My first ‘success’ in writing came in year 12 English when I submitted a short story and received an A+. I was shocked and embarrassed when the teacher handed it back to me with the red mark at the top right of the page. My older self knows the story was about forgiveness and trying to make sense of the world, but I really didn’t expect anyone else would think much of the story. Even with this small success, it felt excruciating to bare myself to anyone – there’s so much angst at 17.
That year of English study was very good for me in terms of improving my confidence and skill thanks to my teacher. It would be no surprise I followed with some kind of pathway in writing. But I didn’t.
I took a safer pathway, one that I could hide behind but still within the storytelling realm and studied photography. My dream then was to become a National Geographic Magazine journalist with my stories and photographs. Life had other ideas and I’ve now come full circle, back to writing.
Why am I telling you this? Because I know you. I know what it is to bare my soul. It’s taken me 35 years to arrive back to that 17-year-old who shrank from the first positive review of her writing. The fear can be so great that we would rather hide in the shadows and do something else. Fear of discovery, fear of judgement, fear of success even. Because with success, we need to back that up with more. And to back that up, we need to keep opening ourselves up to the world. With this comes the possibility of pain. Pain brought up from revisiting something, pain from admitting something, pain from any negative comments.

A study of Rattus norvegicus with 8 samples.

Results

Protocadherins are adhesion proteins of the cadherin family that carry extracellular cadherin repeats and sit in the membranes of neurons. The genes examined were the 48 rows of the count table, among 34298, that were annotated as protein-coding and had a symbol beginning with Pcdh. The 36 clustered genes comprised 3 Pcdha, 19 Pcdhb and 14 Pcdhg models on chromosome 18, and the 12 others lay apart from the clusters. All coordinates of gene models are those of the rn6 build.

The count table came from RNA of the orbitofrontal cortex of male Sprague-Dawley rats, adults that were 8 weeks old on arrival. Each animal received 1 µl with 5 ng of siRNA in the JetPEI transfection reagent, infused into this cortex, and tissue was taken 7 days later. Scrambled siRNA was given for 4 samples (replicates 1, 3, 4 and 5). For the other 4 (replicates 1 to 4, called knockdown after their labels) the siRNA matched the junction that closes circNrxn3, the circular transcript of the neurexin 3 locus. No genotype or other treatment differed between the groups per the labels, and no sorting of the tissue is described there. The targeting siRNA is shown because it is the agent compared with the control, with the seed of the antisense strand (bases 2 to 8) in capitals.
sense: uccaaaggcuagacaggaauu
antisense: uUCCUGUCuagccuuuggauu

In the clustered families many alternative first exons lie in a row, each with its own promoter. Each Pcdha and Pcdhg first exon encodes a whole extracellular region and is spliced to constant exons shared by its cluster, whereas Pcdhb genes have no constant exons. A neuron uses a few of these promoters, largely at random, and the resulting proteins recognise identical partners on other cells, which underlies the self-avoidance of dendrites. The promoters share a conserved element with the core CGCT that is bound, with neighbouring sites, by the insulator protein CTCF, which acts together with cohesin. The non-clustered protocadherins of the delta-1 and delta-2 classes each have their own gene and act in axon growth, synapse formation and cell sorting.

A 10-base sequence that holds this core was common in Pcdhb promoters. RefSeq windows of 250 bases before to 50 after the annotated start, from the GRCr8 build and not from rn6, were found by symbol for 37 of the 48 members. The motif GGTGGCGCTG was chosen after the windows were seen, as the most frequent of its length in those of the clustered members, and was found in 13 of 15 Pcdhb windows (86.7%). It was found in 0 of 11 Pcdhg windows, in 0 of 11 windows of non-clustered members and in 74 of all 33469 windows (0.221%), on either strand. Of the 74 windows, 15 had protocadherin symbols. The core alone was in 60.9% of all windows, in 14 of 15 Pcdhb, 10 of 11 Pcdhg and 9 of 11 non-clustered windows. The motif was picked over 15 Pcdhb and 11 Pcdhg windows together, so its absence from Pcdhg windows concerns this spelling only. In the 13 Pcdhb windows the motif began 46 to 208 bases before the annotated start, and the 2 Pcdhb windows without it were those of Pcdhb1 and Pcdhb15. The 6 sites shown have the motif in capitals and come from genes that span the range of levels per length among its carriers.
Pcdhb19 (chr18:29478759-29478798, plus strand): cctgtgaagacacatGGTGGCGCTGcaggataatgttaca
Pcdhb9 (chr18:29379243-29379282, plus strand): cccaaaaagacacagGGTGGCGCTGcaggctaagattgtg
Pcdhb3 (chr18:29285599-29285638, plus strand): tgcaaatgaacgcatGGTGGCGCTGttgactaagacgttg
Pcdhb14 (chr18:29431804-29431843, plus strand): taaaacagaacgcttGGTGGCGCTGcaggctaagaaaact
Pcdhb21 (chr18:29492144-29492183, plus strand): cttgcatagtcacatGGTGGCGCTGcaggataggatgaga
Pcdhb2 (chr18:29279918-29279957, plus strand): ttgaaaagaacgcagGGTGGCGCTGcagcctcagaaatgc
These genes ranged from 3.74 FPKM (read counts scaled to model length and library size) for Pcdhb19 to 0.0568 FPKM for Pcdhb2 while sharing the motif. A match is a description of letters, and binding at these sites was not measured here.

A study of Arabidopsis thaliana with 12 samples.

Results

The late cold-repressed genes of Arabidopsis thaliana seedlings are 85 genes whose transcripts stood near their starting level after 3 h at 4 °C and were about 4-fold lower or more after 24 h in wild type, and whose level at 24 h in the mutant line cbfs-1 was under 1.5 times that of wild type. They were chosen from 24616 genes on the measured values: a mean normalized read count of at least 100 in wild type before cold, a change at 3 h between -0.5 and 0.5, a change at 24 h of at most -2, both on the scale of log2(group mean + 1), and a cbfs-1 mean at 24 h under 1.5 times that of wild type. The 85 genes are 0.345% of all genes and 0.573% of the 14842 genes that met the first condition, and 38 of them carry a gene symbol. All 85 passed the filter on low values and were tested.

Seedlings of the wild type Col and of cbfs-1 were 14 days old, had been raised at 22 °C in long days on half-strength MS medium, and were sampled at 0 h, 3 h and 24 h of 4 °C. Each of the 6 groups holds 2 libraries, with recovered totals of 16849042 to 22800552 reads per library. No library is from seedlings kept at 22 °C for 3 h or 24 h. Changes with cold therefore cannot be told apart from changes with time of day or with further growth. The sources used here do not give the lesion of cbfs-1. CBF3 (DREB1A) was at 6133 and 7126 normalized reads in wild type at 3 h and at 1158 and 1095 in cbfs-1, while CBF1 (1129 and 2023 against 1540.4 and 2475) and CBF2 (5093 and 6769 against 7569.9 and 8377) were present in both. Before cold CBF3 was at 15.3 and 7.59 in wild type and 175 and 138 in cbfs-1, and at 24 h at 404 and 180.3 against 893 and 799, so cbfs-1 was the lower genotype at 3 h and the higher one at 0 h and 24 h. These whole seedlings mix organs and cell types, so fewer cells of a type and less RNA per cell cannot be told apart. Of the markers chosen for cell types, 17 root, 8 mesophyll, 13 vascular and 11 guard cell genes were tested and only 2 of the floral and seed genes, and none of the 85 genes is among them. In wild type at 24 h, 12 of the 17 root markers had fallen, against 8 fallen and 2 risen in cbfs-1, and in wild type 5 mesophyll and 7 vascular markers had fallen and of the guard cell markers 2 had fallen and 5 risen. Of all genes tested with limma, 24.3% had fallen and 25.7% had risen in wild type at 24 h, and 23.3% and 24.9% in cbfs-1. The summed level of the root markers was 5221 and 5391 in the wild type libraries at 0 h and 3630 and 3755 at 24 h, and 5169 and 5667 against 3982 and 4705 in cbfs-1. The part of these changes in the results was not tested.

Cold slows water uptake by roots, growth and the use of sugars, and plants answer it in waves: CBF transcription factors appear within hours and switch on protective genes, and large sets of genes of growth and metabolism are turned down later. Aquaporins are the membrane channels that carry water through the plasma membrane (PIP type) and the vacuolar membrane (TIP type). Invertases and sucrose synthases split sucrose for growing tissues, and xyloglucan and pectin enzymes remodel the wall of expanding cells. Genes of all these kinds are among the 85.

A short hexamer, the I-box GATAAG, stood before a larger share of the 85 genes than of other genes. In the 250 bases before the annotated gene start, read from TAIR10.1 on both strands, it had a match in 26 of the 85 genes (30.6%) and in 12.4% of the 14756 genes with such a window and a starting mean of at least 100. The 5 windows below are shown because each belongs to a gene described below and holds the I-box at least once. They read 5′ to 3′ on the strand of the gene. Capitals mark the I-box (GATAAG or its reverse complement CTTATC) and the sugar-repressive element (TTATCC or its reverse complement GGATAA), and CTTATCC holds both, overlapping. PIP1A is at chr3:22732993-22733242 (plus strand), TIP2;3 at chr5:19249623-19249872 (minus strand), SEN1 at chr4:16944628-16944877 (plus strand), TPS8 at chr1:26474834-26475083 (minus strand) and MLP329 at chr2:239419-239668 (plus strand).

This is what I know. We build this up in our heads. We think a spotlight will be on us and we will be interrogated about our thoughts and ideas. In fact, no one cares enough to hold a spotlight on us for too long because there are so many ways for the attention to go elsewhere. So yes, that spotlight may land on you for a moment and then go again, much like a searchlight scouring the marshlands for a fugitive. What will remain is your story, fact or fiction, that you have offered up to the world. A piece of you will have been written into it and with luck a reader, or two or three, will come along and connect with it in some way. They may be entertained, healed or educated, maybe even changed into something better.
The more you do this, the less scary it becomes to bare yourself and in some way you write yourself whole, smoothing over those seared edges, not caring as much about what people think. Your stories matter as much to you as the reader no matter how successful (the definition of success is a whole other blog!) they are after they’ve been written.